Tractor in the orchard at Willie Smiths. Photography by Ali Nasseri

Tractor in the orchard at Willie Smiths. Photography by Ali Nasseri

With cider continuing to enjoy stratospheric growth, Annette Shailer takes a look at some of the innovative ways the Apple Isle is tapping into the core of this growth.

Cider is still the fastest growing alcoholic beverage category although in the past year we have seen that growth begin to slow. While the category still grew at an impressive 20 per cent, this was down from previous years.

Cider Australia president and Willie Smith’s co-owner, Sam Reid, said while the cider bubble may have slowed it certainly hasn’t burst and there could still be room to grow yet.

“I think the cider market is beginning to mature – it has basically doubled in the past five years to reach almost 4 per cent of total alcohol consumed and so the same percentage growth will be harder to achieve each year from a larger base,” Reid said.

“That said I do see there being a lot more room for growth like we are seeing in the very developed UK and French markets. The UK market for instance is 13 per cent of total alcohol consumed and so we have a long way to go until we reach that stage in Australia.”

With Tasmania often referred to as the ‘Apple Isle’ due to its history as one of the world’s major apple producers, it’s not surprising it is home to some of Australia’s best ciders. Tasmanian cider producers are lucky enough to have access to premium produce from third, fourth and even fifth generation orchardists, as well as some of the purest water in the world at their fingertips. However despite these spoils they are not sitting on their laurels. Instead a bunch of cider producers have banded together and, with assistance from the Tasmanian State Government, have formed the Tassie Cider Trail.

Tasmania’s relatively small size made the creation of a cider trail for tourists and cider lovers a simple decision. With the philosophy of being stronger together than apart, The Tassie Cider Trail was formed. To date there are 10 cider producers involved; Red Sails, Frank’s Cider, Dicken’s Cider, Willie Smiths, Spreyton Cider Co, Small Players, Inn Cider, Pagan, Lost Pippin and Two Metre Tall.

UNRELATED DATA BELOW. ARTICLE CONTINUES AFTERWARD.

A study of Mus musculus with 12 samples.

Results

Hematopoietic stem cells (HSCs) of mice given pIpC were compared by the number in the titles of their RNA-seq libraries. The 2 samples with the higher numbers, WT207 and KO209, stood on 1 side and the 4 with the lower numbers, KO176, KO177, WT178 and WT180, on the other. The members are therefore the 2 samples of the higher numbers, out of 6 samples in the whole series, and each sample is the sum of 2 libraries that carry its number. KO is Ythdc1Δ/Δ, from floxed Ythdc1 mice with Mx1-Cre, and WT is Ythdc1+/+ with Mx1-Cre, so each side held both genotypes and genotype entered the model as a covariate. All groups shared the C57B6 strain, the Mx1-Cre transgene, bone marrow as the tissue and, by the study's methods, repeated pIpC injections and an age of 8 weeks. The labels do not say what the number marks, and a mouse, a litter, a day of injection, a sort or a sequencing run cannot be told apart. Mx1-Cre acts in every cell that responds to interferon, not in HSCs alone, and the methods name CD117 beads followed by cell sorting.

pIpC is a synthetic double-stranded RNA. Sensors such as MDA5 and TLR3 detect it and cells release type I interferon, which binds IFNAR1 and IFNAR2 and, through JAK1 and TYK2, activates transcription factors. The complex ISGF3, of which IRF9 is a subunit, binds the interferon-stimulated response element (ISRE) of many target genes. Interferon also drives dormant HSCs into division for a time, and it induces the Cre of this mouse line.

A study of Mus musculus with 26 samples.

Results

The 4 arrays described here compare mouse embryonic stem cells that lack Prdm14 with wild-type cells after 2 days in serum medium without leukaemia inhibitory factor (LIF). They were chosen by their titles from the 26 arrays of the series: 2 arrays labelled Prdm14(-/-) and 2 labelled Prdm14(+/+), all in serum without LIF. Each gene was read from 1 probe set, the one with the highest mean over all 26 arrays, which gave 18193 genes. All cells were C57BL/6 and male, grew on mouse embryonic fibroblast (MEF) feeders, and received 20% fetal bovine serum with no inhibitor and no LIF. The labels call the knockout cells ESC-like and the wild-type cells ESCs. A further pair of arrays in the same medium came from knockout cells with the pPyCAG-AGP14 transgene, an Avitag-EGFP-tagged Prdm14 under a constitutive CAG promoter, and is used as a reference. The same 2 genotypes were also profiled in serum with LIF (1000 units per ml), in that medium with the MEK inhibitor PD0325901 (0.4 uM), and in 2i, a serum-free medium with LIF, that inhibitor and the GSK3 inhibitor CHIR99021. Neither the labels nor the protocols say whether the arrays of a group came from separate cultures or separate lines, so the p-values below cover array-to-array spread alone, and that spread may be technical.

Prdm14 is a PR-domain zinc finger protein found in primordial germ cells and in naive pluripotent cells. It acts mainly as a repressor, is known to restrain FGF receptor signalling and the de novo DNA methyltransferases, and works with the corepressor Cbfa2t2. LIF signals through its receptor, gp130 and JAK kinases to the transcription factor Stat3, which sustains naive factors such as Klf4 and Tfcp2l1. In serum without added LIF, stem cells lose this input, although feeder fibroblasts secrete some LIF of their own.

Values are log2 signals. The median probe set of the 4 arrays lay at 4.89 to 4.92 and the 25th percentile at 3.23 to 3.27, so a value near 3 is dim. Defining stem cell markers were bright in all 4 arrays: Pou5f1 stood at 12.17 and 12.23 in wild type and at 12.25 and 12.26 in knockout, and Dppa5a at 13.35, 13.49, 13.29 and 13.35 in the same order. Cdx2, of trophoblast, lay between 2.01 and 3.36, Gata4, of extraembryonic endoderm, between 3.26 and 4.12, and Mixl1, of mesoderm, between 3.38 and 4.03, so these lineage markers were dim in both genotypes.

“Tassie is a small place and producers often meet up at the many events and festivals that happen here and have a chat over a cider or two. Someone suggested getting together and forming a state body to complement the work of Cider Australia and so after that we began working with the government on developing the cider industry further,” said Reid.

“Since Tassie has such a diverse range of cider producers with many different styles it made sense to develop and promote a touring route incorporating the cellar doors from around the state.”

To complement the physical cider trail, a stunning new Tassie Cider Trail website launched about three months ago that features a map of the trail, information about the cideries, cider news, cocktails, recipes and even a cider school which can bring you up to speed on all things cider before you head to Tassie for a cider journey.

“To be part of something that strengthens the region and increases our reputation as a quality cider making area, while also tying in with other cider producers can only be a positive thing,” said Damien Viney from Spreyton Cider.

“The Tassie Cider Trail allows consumers and tourists to experience all of Tasmania’s cider producers and perhaps introduces them to the wider range of ciders being made here.”

While it is still early days for the Tassie Cider Trail, the concept of being stronger together than apart is an important one, particularly as the industry continues to grow and diversify.

“I think by individual producers gaining recognition and awards, it strengthens the overall reputation of the group as a cider-making region,” said Viney.

“You only need to look at what some international recognition for one or two whisky distilleries in Tasmania has done for the reputation of Tasmania as a whisky producing destination.